This advice-column-style blog for SLPs was authored by Pam Marshalla from 2006 to 2015, the archives of which can be explored here. Use the extensive keywords list found in the right-hand column (on mobile: at the bottom of the page) to browse specific topics, or use the search feature to locate specific words or phrases throughout the entire blog.
Q: In your seminar on apraxia and dysarthria, you talked about how vowels (V) are more important to remediate than consonants (C) in children with very low language and severe motor speech disorders. Do you recommend the same thing for children who simply seem to be “late talkers”? Should I model the vowel instead of the consonant to obtain the words I am stimulating?
With kids who just look like “late talkers”, I would model both the C and the V as usual, but I would make sure to use the right vowel. For example:
- Don’t model: “Buh-buh-ball”
- Do model: “Baw-baw-ball”
Keep in mind that in the class we were talking about motor speech disorders. Developing vowels in a child with a motor speech disorder helps boost his intelligibility while we are waiting months and years for his consonants to emerge.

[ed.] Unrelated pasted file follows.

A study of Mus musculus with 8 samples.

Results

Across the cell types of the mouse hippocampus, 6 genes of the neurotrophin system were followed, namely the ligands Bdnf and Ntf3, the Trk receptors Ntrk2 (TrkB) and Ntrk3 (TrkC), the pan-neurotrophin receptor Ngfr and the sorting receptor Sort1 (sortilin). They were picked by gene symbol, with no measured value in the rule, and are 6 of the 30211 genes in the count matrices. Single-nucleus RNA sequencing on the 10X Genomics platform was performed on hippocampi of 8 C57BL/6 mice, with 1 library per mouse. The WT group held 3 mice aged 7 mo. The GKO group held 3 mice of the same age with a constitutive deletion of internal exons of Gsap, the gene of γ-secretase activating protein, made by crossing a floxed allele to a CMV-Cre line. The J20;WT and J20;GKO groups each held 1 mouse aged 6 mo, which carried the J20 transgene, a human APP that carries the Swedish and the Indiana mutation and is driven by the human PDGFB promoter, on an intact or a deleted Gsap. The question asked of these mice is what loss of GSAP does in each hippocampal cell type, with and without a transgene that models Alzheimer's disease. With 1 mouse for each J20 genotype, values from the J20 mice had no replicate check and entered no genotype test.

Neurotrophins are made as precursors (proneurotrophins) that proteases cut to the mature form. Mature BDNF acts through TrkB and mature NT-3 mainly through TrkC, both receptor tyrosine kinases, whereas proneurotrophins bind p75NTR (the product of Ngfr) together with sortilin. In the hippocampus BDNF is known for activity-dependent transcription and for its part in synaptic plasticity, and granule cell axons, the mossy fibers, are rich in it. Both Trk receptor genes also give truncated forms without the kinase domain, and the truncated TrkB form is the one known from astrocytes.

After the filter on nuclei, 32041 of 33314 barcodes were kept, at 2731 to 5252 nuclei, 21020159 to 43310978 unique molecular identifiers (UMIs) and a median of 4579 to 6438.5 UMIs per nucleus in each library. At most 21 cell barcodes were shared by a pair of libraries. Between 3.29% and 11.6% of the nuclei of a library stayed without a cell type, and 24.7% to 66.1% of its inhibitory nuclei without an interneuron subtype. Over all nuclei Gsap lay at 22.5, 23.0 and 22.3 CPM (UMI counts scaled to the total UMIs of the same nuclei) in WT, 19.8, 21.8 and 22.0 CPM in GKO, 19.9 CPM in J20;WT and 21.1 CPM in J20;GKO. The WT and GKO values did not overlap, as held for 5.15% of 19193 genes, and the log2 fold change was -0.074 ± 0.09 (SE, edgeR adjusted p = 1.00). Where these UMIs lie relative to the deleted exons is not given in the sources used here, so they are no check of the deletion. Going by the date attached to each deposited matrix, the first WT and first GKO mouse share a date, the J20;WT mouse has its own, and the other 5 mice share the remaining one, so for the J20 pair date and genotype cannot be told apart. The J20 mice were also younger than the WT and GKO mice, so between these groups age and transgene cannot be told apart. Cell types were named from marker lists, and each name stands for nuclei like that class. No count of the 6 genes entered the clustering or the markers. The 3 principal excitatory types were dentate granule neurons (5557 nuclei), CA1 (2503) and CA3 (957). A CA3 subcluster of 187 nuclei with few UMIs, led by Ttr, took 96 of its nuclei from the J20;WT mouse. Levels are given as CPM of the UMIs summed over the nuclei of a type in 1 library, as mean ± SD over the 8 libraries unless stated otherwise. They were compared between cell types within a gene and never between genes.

Also remember that the vowels set the vocal tract into fundamental positions, and that consonants are movements added to it. Kids with apraxia and dysarthria often need to learn both of these movement parameters.
A child who potentially is just a “later talker” should have no trouble with the positions of the vocal tract set by the vowels. And he should be able to add consonant movements quickly once he starts talking more. Therefore, we can model the C and the V right from the start.